Researchers Say Faulty Code Jeopardizes Encryption KeysMajor Manufacturers Have Patched to Prevent 'ROCA' Attack
Researchers say they've identified faulty cryptographic code in microchips made since 2012 by Infineon Technologies, posing risks to government-issued smartcards, consumer laptops, authentication tokens and more.
The weakness, CVE-2017-15361, could potentially allow attackers to calculate a private encryption key based on the public key. The error is egregious because public key cryptography is designed to ensure this exact scenario doesn't happen, according to researchers at the the Centre for Research on Cryptography and Security at Masaryk University in the Czech Republic; Enigma Bridge, a U.K. company, and Ca' Foscari University in Venice, Italy.
The discovery affects a wide range of processes where cryptography is used, including software signing, TLS/SSL, PGP and even ID cards issued by Estonia. It has been nicknamed ROCA, an abbreviation of "Return of Coppersmith's Attack," part of the title of the researchers' academic paper.
The vulnerability is in an algorithm that generates prime numbers necessary for creating a pair of RSA encryption keys, according to the researchers.
The research team says more details will be released at the ACM Conference on Computer and Communications Security conference in Dallas, which starts Oct. 30.
It doesn't appear that the error was intentional as if to give spy agencies such as the NSA an edge in electronic surveillance. The error is "not a backdoor," writes Matthew Green, a cryptographer and professor at Johns Hopkins University, on Twitter. "It's just stupid."
The impact could be vast, the researchers say. So far, 760,000 vulnerable RSA public keys have been discovered, "but possibly up to two to three magnitudes more are vulnerable," they write.
"The vulnerable chips are pervasive and not necessarily sold directly by Infineon Technologies AG, as the chips can be embedded inside devices of other manufacturers," they write in an advisory.
Other experts echoed the fear that the impact could be widespread.
"The Infineon RSA vulnerability (#ROCA) must be followed up carefully," writes Kauto Huopio, chief specialist with Finland's National Cyber Security Centre. "It could be potentially much, much more than Estonian ID cards."
To make matters worse, attackers do not need access to a physical device. They merely need the public key and then the ability to intercept traffic encrypted with the vulnerable key pair.
The vulnerability was discovered in January, and Infineon was informed in February. The company released a firmware patch on Oct. 10. That patch fixes chips inside its Trusted Platform Module, a type of controller that is used to store highly sensitive information such as passwords, certificates and encryption keys.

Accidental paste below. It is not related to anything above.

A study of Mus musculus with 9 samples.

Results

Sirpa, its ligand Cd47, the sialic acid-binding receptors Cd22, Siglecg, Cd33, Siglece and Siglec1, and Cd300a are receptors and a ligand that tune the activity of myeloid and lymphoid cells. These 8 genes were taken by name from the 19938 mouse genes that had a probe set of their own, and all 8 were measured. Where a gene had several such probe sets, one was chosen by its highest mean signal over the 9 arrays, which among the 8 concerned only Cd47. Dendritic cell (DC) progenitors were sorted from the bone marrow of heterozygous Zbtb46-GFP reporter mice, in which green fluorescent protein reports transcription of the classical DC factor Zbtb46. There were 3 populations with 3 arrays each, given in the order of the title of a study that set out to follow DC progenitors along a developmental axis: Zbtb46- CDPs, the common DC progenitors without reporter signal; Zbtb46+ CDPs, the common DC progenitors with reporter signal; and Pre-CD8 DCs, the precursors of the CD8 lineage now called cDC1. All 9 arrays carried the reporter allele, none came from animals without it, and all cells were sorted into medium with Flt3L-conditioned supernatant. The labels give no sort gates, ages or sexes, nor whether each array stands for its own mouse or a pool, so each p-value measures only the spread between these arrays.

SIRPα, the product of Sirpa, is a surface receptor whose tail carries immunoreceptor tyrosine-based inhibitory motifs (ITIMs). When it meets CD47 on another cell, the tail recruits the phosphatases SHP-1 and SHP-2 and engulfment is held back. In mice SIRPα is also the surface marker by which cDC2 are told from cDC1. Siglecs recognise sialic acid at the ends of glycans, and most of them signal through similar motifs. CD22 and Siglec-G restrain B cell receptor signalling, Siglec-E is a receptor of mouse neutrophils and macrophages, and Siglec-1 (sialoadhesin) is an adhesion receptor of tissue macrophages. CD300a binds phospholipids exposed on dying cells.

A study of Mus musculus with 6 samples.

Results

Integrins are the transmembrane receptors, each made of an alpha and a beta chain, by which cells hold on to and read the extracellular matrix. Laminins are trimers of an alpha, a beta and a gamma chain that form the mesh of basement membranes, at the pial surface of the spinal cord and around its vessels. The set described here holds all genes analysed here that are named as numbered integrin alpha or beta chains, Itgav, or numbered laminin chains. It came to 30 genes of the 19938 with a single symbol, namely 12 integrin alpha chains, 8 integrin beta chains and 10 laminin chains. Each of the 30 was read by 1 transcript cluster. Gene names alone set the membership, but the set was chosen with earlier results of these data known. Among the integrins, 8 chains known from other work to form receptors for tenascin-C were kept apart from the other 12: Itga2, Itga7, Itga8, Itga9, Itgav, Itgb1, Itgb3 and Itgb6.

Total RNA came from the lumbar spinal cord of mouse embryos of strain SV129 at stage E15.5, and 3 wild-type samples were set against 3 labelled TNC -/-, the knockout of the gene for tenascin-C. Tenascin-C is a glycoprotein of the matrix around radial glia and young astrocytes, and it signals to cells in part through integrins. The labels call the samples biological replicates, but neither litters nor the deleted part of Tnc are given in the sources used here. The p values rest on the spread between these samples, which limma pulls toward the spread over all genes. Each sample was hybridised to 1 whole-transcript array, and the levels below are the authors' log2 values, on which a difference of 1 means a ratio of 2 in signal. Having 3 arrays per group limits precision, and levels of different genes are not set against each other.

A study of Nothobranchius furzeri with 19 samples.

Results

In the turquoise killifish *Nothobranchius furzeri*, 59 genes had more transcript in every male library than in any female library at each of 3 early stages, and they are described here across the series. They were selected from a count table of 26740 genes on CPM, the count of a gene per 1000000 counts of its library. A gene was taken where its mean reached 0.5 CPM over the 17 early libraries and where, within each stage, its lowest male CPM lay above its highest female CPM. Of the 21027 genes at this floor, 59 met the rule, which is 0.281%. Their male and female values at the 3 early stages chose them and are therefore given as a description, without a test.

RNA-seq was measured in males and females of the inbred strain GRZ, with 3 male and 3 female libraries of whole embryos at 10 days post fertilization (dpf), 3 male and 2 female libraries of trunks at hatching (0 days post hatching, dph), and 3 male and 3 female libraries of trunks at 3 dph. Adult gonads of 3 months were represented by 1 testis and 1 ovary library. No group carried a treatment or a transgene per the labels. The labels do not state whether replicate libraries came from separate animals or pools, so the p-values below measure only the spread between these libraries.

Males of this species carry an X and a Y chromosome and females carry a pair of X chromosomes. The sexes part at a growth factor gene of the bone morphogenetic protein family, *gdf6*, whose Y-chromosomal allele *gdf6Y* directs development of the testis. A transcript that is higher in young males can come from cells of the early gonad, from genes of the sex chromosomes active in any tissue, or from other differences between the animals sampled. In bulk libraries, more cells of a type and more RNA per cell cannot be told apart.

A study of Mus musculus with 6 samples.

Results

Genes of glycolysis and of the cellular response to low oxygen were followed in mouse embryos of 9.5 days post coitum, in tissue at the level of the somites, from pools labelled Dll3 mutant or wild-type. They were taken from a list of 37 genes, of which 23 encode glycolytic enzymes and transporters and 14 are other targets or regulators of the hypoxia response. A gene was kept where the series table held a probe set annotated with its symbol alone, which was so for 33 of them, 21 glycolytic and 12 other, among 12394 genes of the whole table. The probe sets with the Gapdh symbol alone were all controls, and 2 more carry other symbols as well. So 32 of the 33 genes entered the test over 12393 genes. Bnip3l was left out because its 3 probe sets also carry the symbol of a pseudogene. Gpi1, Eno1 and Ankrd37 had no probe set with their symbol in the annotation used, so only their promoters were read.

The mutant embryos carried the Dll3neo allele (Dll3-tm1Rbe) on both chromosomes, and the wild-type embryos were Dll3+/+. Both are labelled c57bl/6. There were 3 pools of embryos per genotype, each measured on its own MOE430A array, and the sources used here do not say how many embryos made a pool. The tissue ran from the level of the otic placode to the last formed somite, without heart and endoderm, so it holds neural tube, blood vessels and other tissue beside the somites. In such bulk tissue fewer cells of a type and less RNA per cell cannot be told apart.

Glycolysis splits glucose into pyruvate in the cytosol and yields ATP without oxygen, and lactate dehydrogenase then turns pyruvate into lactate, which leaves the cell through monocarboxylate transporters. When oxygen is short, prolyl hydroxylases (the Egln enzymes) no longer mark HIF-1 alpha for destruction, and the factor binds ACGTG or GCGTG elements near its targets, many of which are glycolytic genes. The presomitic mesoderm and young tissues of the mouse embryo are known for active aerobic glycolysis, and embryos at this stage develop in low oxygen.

Many manufacturers use Infineon's TPM chips, including HP, Lenovo, Fujitsu, Microsoft and Google. All have released patches.
One of the most affected entities is the Estonian government, which has issued 750,000 ID cards, residence permits and digital IDs created since October 2014 with the faulty software. It has launched a program to update the software on the cards.
Public and private encryption keys are multiples of very large prime numbers. The vulnerability could allow an attacker to "factor" a public encryption key, breaking it down into those prime numbers. That information could then used to calculate the private key. The researchers haven't released their factoring method due to the ongoing risks.
Key length does matter, however, because it increases the amount of time and computing power required to factor a key. But the researchers say the attack will practically work against keys that are less than 2,048 bits.
"The worst-case price of the factorization on an Amazon c4 computation instance is $76 for the 1,024-bit key and about $40,000 for the 2,048-bit key," they write. A key length of 4,096 bits is "not practically factorizable now, but may become so if the attack is improved," they add.
Although the algorithmic weakness isn't described, it's not dependent on a problematic pseudo random number generator, the researchers say. PRNGs are crucial for encryption and have been one target for corruption by spy agencies.
In December 2013, Reuters reported that U.S. security firm RSA received $10 million from the NSA to use an intentionally flawed formula in its encryption software. The formula generated random numbers, but the flaws gave the NSA a secret backdoor for cracking encryption.
How to Take Action
The researchers say that because the vulnerability exists in the "on-chip software library" and isn't restricted to a specific group of products, the only way to figure out if there's a risk is to test the RSA keys that are created by devices.
Fortunately, that's easy, and the researchers have created a web service where keys can be tested.
"It is recommended to test also the keys already in use," they write. "We believe the tools are very accurate. It is highly unlikely that a secure key would be flagged, as well as that a vulnerable key would be missed."
The other important action is to apply software patches. If patches aren't available, "replace the device with one without the vulnerable library," they write.